On May 24, Nestlé Health Science acquired Prometheus Labs, a California maker of medical devices and pharmaceuticals for the gastrointestinal market. This is the business unit’s third purchase in less than eight months, according to a Dow Jones article. Analysts speculate Nestlé paid between $500 million and $1 billion for the company.
To recap, Nestlé Health Science was formed to create nutritional solutions for people with specific dietary needs related to illnesses, disease states or the special challenges of different life stages.
To further these efforts, in late March it acquired CM&D Pharma, a small Switzerland-based drug company specializing in kidney disease, IBD and colon cancer. The company’s leading product, Fostrap, is a “medical food” in the form of a chewing gum fortified with chitosan for kidney patients who have an elevated level of phosphate in the blood (i.e., hyperphosphataemia). While this condition is rare in the general population, it commonly affects patients with kidney failure or renal insufficiency.
Prior to the CM&D deal, Nestlé Health Science purchased Vitaflo, a U.K.-based clinical nutrition company, which develops products for infants, children and adults with genetic disorders that affect how food is processed by the body—e.g., phenylketonuria (PKU), maple syrup urine disease (MSUD) and homocystinuria (HCU). From specially formulated omega 3 supplements to protein shots, the company produces a wide range of products that offer nutritional and metabolic support.
About the latest buy, Luis Cantarell, Nestlé Health Science president and CEO, said, “This acquisition is a strategic move into gastrointestinal diagnostics. Prometheus’s leading edge diagnostics and highly experienced medical sales representatives together constitute a robust platform for Nestlé Health Science to accelerate its current and future healthcare business. It will enable new personalized healthcare solutions based on diagnostics, pharma and nutrition.”
This means Nestlé Health Science will have the capability to offer both diagnosis and treatment with pharmaceuticals and nutrition products. Finally, we have a company with a strong interest in linking food, pharmaceuticals, medical devices and dietary supplements—a company that believes consumers deserve more than pharmaceuticals when it comes to their medical needs. Is this the wave of the future? And are other companies likely to follow suit?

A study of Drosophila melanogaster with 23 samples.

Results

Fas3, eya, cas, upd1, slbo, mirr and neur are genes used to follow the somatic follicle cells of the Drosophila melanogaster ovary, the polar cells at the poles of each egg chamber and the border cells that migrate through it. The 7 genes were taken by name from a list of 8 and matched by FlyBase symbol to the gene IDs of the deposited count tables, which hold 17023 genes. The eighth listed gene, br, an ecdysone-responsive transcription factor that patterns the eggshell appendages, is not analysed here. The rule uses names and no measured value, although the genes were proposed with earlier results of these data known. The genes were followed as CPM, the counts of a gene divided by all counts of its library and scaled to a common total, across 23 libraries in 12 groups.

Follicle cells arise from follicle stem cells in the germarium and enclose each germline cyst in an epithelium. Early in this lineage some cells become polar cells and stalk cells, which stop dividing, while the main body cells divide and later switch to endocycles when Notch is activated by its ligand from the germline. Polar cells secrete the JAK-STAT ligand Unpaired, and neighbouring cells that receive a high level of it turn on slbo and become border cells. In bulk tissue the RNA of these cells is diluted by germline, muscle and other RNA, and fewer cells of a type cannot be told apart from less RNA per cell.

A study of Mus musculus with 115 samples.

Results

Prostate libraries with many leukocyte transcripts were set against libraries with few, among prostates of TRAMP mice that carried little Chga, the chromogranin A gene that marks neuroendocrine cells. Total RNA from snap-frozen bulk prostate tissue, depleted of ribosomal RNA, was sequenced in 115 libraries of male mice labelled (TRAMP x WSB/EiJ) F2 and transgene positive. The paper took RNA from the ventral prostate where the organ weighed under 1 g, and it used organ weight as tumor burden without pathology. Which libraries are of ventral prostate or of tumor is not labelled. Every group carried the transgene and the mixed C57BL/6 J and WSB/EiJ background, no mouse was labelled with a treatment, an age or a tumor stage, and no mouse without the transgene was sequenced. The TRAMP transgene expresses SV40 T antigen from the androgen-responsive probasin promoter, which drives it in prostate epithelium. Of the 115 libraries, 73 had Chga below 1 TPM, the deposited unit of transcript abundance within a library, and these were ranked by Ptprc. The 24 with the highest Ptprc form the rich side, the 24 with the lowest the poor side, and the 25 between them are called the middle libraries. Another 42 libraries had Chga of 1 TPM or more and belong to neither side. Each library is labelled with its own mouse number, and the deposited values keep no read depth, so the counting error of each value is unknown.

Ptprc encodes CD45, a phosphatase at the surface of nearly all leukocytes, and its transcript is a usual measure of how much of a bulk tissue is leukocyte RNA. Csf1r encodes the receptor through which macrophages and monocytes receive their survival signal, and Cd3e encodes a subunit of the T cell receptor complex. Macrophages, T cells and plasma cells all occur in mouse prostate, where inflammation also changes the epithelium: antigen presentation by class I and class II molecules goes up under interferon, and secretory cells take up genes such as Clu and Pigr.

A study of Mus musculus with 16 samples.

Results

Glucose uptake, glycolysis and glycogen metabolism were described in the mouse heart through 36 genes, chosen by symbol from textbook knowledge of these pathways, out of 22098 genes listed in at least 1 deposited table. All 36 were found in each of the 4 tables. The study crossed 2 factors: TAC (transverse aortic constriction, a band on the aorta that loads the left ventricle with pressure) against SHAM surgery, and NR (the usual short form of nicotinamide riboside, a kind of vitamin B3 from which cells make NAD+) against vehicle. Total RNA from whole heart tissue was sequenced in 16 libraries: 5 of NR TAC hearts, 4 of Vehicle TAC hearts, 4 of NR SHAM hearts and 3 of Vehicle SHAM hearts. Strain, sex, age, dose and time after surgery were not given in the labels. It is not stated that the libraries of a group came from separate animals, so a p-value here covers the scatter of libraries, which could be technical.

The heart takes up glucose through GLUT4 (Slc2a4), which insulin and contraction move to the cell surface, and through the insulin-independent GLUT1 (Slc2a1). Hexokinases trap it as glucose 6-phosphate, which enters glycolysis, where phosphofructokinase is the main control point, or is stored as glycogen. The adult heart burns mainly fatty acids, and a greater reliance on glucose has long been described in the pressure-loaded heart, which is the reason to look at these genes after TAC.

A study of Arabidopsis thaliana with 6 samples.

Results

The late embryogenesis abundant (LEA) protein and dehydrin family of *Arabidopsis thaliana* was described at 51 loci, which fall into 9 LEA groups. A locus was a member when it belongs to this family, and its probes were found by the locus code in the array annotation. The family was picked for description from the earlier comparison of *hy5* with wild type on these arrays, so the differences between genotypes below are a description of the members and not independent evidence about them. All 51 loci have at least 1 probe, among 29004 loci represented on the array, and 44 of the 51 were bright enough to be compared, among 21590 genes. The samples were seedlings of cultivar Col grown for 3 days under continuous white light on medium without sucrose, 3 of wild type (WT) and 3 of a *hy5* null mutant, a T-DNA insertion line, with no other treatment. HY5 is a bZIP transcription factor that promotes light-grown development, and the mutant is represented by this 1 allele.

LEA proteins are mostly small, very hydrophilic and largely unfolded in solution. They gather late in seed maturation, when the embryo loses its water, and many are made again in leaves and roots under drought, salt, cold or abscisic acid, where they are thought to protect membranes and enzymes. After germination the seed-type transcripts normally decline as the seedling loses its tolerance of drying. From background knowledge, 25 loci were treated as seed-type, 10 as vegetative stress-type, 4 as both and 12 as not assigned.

Datamonitor analyst Mark Whalley thinks so. “The current market’s personalized food and beverage offerings are likely only a small representation of what’s to come. As interest amongst consumers increases, we expect to see a surge in the number of food and drink companies launching products with DNA/genetic influences over the next few years, probably originating from smaller niche companies looking to find gaps in the market.”
Mr. Whalley also said the concept of personalized nutrition is lucrative if approached effectively. “Most of the big food and beverage players will be identifying this as something interesting to consider for the long term.” Certainly Nestlé wouldn’t spend upward of $1 billion if it didn’t believe in the future of personalized nutrition.
According to Greek mythology, the god Prometheus bestowed the gift of fire to mortals on earth, bringing them warmth and light to relieve their suffering in the darkness. Obviously Nestlé has seen the light. I hope the healthcare world will too.